Ep 25 of 2010
June 21, 2010
How often are consumers being treated with contempt by many of the major tech goods manufacturers? Have you ever noticed that the price of a particular piece of gear seems relatively and reasonably priced, then after you part with your hard earned cash, you find yourself the victim of an extortion racket when it comes to buying accessories for your new gadget? If you’ve bought a mobile phone in recent times, you would certainly have come across after market accessories such as car kits and blue tooth headsets. These are traditionally copies of original or authentic accessories, sometimes of a better quality, at half the price.
Last week the 4th generation iPhone was launched by Apple to less than a euphoric welcome, probably because apple had lost a few prototypes and we’d all seen it before, but on reading the fine print, Apple have chosen to use a micro sim which is not compatible with its recently released iPad.
According to Nick Wilkins, press relations manager at O2, a UK based carrier, an iPhone 4 micro-SIM inserted into an iPad will detect that it is not in a smartphone and will not work. He said "The micro-SIMs for the iPhone are set up to allow voice calls, SMS messages and data functionality, whereas the iPad micro-SIM is provisioned to allow pay-as-you-go data transfer only"
The decision will prevent Apple users from carrying over a data allowance from their iPhone to the iPad.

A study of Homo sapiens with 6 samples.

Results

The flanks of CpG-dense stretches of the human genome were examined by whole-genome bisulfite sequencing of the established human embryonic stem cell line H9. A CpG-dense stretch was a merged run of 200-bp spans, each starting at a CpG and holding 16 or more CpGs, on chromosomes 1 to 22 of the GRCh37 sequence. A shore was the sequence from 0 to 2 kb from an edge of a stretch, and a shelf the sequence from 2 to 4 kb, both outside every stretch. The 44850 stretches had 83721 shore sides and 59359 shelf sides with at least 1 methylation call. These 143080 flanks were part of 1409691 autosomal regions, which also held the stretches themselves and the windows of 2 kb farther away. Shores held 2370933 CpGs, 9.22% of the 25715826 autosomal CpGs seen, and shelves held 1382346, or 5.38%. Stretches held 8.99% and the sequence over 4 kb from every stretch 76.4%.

O2 said that it will in time make available a SIM which can be converted back and forth between the micro and regular sizes, but what about Australian carriers?
Another downside is that it will slow down the end users ability to swap sims out and change carriers based on their location or poor service unless they have a collection of micro sims. But not allowing the iPad and iPhone to swap sims looks only to be a sweetener for the Telcos that support the devices, ensuring Apple devotees have to buy two services. It also means, those with an older iPhone and a 4G iPhone, can’t swap between the two devices with the same number.
So before you all race of to the local apple store, just remember you’ll need a new micro sim from the carrier of your choice before you start making calls on your new toy.
This week on TTR
- Twitter's fail whale has busiest month in two years,
- Telstra launches T-box, and fixed line phone pricing to remain unchanged,
- Facebook issues detailed response to privacy concerns,
- Apple delivers a MobileMe update, and
- we take a look at online banking – who’s good and who’s not so good.